Saturday, November 28, 2009

Social Media-Related Regulatory Examinations On The Horizon?

Early last week I received a phone call from a consultant working for a boutique financial services consulting firm who was conducting research on a social media best practices document for a bank client. The fellow seemed bright and well informed. I was actually surprised that the firm he was working for was getting involved in the social media space. I'm surprised not so much because of their involvement in social media but more so because they tend to focus on the traditional banking/finance stuff. I'm not sure what this means for the early wave of social media consultants...but that's a story for a different day.



Anyway, one of the questions this consultant posed had to do with the regulatory risk associated with social media. My response was that I felt that regulators would likely give a social media implementation little more than lip service and so long as an appropriate risk assessment and policy was in place, the examiners would look no further. I told this consultant that given the current focus of the regulatory agencies, I would be surprised if they considered social media at all. But better safe than sorry.



I followed that up by stating to the consultant that the regulatory risk was the least of a bank's worries. While there may be some regulatory implications related to the use of social media, it is insignificant compared to the larger reputational risk posed by social media.



Earlier today I picked up the November/December issue of Western Banking Magazine. In the Consider This section of the magazine was an article that I wish I had read prior to speaking with this consultant because I think it would have laid it out very neatly for him. I've quoted this section of the magazine below.


"One out of eight respondents to the Travelers Global Technology business unit survey indicated that they post work-related information on social media websites. In fact, 30 percent feel it is acceptable to post information online about their employers as long as they believe it is true. Survey results also showed that more than 75 percent of those who post anything personal online said they were 'not at all' or 'not very concerned' about information posted online causing professional damage.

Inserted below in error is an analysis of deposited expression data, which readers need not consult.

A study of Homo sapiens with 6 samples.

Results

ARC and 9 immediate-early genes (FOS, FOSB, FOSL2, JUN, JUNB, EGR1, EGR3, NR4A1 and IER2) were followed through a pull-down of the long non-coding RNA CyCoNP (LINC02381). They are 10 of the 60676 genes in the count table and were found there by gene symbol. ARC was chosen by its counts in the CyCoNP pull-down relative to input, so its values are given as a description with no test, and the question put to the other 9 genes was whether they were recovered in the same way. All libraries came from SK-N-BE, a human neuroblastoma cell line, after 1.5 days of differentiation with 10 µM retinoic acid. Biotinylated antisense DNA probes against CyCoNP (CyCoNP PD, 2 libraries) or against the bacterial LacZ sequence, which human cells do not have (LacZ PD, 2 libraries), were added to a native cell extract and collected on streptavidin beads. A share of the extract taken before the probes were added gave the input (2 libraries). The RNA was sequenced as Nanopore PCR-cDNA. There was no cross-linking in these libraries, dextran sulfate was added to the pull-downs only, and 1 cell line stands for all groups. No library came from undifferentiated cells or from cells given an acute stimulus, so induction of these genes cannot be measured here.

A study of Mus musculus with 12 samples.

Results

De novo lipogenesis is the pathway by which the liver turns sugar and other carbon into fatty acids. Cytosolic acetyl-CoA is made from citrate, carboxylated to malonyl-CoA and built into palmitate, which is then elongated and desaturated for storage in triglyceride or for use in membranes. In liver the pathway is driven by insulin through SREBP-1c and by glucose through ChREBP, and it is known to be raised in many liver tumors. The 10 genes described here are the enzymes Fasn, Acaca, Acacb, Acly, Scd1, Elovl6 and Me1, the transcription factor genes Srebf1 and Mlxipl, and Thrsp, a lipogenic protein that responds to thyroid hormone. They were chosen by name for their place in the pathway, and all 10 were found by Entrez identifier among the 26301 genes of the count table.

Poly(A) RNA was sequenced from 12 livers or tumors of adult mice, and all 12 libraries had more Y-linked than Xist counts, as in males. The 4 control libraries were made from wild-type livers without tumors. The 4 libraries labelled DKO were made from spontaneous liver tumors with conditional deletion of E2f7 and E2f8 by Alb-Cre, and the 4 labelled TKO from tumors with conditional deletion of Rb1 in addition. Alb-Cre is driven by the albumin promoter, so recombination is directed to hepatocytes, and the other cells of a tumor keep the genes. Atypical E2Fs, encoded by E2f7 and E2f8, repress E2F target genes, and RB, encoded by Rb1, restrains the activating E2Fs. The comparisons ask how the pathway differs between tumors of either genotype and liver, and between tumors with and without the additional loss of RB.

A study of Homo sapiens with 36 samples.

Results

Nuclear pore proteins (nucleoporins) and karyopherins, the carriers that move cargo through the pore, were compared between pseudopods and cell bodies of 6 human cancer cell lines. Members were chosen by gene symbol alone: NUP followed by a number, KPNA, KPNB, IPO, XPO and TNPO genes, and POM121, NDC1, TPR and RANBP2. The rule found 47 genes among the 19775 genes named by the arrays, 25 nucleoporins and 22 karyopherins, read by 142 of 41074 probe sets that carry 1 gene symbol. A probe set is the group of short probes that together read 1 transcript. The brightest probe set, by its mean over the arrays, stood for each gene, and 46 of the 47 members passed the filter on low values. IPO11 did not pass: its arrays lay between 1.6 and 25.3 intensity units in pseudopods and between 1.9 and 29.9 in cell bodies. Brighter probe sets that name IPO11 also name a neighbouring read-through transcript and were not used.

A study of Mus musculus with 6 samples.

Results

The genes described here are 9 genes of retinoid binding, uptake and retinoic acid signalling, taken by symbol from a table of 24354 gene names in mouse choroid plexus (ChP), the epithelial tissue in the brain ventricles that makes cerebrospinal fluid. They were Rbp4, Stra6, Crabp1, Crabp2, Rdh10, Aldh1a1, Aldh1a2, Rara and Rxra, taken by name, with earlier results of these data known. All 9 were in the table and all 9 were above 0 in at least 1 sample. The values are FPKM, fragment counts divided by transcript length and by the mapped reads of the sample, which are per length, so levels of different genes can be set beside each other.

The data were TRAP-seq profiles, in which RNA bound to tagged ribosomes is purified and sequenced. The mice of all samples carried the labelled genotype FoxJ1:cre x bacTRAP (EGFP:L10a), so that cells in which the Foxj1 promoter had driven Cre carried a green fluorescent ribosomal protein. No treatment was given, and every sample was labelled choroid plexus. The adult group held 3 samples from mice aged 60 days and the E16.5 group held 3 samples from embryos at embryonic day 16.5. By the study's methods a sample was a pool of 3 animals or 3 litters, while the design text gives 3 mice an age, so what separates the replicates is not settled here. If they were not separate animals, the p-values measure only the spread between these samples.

The growth of social media and the lack of awareness among employees and employers on how social media are changing the corporate landscape could increase a company's risk exposure. The Travelers survey results also indicate that two-thirds of respondents say their companies do not have a policy in place for social media usage, or they are not aware that one exists."


If you have followed this blog you know that I am a stickler for risk assessments and policies. My recommendation is to get the bank's internal auditor or product manager to prepare and present a social media risk assessment to executive management and the board of directors. This should be treated just like any other new product/service implementation.



My next recommendation is to enhance the bank's Acceptable Use Policy to include the social media policy - rather than create an entirely new policy. The bank's information security policy can also be used in lieu of the AUP.

If you have no idea where to begin with a social media policy, begin with my earlier post (Pain Free Social Media Policy). You will be able to get a customized policy up and running in no time.

As I stated above, regulatory risk is the least of your worries. What you want to do is make sure your employees know the rules of engagement - because, whether or not your bank has a social media strategy of its own, chances are your employees are out there potentially putting your good name at risk.